Oct 24, 2022 - Research

Study Identifies Genetic Links to Dyslexia

A team of researchers led by scientists from the University of Edinburgh completed the largest genetic study to date looking at dyslexia and linking the condition to genes associated with neurodevelopment.

Dyslexia is estimated to affect between 5 to 17 percent of the population. It impacts a person’s reading ability and often runs in families.

The new study, published in Nature Genetics, offers more insight into the biological mechanisms behind dyslexia. The study found genetic links between the condition and genes associated with neurodevelopment,. Researchers also identified a genetic link between dyslexia and ambidexterity.  

But the study did not confirm some previous research suggesting a genetic link between dyslexia and changes in brain structure.

“Previous work suggested some brain structures may be altered in people with dyslexia, but we did not find evidence that genes explain this,“ said Michelle Luciano, Ph.D., the lead author and a researcher at the University of Edinburgh’s School of Philosophy, Psychology and Language Sciences.

Reading and spelling

Because dyslexia is so closely genetically related to performance on reading and spelling tests, Dr. Luciano called out the need for better-standardized testing as a way to identify individuals with the condition early to help them with reading and writing.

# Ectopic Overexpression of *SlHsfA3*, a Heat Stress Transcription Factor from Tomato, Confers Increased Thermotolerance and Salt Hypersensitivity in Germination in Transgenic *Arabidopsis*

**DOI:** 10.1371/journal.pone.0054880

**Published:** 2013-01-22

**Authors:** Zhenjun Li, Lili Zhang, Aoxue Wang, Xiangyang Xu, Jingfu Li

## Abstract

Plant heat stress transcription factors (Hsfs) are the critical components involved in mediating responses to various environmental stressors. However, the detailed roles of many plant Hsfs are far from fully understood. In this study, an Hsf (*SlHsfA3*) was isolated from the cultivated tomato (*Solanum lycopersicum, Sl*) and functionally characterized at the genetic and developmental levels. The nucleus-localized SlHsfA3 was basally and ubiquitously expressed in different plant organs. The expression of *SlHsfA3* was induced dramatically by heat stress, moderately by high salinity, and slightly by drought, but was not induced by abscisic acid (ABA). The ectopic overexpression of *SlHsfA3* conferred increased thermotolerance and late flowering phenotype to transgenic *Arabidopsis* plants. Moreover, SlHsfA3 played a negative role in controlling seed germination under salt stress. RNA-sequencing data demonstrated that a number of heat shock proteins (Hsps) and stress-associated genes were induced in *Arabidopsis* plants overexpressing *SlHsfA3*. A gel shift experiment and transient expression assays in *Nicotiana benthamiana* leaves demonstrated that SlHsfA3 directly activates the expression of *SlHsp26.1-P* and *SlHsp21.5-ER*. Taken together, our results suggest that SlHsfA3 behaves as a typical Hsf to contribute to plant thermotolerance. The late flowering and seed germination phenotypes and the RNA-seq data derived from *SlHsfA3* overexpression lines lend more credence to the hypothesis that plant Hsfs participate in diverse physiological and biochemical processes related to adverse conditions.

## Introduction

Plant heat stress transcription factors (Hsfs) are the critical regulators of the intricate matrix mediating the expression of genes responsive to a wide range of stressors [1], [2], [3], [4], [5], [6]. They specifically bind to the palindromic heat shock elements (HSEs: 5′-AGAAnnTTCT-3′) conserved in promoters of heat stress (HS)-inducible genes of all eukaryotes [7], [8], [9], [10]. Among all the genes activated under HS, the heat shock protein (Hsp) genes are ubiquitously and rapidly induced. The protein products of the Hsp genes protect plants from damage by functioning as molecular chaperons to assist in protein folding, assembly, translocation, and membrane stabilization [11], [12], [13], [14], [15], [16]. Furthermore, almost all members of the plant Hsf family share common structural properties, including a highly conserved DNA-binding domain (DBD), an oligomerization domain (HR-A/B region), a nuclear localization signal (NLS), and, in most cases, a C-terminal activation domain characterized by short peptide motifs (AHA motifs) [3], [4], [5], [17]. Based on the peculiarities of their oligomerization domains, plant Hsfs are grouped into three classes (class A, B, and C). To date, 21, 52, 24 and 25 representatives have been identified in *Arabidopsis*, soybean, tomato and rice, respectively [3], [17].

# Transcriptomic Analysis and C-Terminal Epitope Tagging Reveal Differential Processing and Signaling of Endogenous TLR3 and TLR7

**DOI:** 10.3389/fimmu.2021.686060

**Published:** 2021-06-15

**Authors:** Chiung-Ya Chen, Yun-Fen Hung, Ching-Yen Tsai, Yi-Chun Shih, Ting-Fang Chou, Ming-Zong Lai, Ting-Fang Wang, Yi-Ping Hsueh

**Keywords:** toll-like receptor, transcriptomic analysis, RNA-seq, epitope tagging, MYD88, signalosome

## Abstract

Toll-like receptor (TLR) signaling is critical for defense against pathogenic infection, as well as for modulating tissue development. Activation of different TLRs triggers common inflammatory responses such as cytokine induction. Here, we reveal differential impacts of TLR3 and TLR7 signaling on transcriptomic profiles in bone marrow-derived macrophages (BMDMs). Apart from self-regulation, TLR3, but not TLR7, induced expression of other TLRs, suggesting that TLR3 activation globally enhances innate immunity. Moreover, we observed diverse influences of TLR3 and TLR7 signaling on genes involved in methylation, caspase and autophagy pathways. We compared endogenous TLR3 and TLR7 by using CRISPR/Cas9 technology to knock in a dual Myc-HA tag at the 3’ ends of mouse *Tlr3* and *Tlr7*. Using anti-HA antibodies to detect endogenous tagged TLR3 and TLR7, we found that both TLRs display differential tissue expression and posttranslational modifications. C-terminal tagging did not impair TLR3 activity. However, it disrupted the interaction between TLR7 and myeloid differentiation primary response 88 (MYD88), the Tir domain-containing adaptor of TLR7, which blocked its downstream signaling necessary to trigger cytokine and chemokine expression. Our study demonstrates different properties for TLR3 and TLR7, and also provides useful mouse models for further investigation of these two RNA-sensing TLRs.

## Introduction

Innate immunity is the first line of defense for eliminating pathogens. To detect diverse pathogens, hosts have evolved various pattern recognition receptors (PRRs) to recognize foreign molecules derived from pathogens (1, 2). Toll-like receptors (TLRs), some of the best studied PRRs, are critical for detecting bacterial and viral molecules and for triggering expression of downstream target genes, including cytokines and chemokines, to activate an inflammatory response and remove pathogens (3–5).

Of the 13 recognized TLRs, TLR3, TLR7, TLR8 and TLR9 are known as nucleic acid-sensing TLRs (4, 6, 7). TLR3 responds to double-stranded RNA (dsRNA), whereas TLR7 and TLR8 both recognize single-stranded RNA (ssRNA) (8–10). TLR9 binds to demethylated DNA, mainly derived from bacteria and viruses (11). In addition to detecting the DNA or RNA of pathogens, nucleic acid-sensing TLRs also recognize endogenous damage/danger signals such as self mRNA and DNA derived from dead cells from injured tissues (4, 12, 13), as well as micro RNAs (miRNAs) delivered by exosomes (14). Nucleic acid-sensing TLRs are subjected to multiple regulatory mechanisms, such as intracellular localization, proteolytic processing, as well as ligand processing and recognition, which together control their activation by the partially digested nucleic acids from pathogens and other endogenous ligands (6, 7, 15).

Scientists from the Genetic Language Consortium and from 23andMe contributed to the study. The work relied on data from more than a million 23andMe customers who consented to participate in research. Among those consenting to participate in research were about 51,000 people who reported that they had dyslexia.

In all, researchers identified 42 genetic variants. The strongest of those were genetic variants that were also linked to cognitive ability and educational attainment. Educational attainments is a measure of the number of years in school. The genetic variants associated with dyslexia were also associated with language delay, thinking skills, and academic achievement. The results highlighted how dyslexia and its impact on reading and writing affect some of the essential processes for learning. 

You can see the full study in Nature Genetics.

The researchers also assembled a list of answers to questions on the study, its purpose, and how the genetic study was conducted here.